Understanding Child Support
If you are going through a divorce, you may be worried about child support. Hiring an attorney can help you figure out the best arrangement for you and your family.
Determining Your Payment Amount
When someone comes into our Rochester office, they often want to know how much their child support responsibility is going to be. New York State has a law called the Child Support Standards Act, which governs the amount to be paid. It states that if you have 1 child, you pay 17% of your gross income, less FICA. If you have 2 children it’s 25%. If you have 3 children its 29%. If you have 4 children its 31%. If you have 5 children its 35%. It’s simply a matter of looking up the amount in the Standards Act. The chart is readily available online, the amount can be easily determined.
Length of Payments
Many people come into our office wanting information about their obligation with regard to child support. They frequently ask how long they will have to pay. The general rule is that child support is paid until the child reaches 21 years of age or is emancipated in some other way. For example, if your child is in the military, gets married, or is emancipated by virtue of the fact that they have their own full-time job, your obligation would end before they reach age 21. Absent those circumstances – if your child is working part time or going to college – your obligation to pay child support will continue until that child reaches the age of 21.
Is Child Support Tax Deductible?
If people come into our Rochester office, wanting to know whether they can deduct child support payments on their tax return, the simple answer is no, you cannot. It is not a deductible expense. It’s not something you should try to claim.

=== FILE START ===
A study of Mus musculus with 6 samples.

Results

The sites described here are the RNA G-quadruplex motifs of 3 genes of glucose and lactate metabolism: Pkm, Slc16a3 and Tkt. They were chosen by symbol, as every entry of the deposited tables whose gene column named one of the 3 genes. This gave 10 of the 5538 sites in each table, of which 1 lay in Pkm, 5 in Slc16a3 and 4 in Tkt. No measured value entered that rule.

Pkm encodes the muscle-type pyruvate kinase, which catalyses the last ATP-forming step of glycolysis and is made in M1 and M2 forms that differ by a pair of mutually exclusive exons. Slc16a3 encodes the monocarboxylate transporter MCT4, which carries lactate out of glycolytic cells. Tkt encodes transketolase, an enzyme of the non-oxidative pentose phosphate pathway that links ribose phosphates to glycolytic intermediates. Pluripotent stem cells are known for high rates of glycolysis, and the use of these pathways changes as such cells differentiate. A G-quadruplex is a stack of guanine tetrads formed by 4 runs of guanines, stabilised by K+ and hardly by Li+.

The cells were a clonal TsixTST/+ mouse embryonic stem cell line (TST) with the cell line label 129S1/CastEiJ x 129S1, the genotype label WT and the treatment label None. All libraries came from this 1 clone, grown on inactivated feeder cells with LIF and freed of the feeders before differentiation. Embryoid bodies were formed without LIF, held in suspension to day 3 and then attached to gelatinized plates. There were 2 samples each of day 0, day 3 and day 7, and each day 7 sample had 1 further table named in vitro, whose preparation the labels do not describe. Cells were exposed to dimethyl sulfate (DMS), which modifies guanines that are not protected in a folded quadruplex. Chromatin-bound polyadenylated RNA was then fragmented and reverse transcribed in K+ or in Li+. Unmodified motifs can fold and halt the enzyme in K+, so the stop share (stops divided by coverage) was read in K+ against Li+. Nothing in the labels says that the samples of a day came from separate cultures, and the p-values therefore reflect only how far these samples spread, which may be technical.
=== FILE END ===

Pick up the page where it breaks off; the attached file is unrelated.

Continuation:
Filing for Child Support When Your Spouse Lives in Another State
A lot of people who come into the office say their boyfriend, girlfriend, or former spouse has moved to another state – and they’re not receiving child support. They have never gotten child support, and they want to receive it. In such cases, the parent who desires to receive payments would have to file an application or petition in family court in the county where the child lives. If you live in Monroe County, here in Rochester, or any of the surrounding communities, the application is filed in family court. Once that application is filed, the other party will be served with that petition and the application will be heard in the Monroe County court where the judge will enter an order setting forth your ability to get payments.
If you want dependable representation to safeguard you through the legal process of divorce, contact our Rochester divorce attorneys today.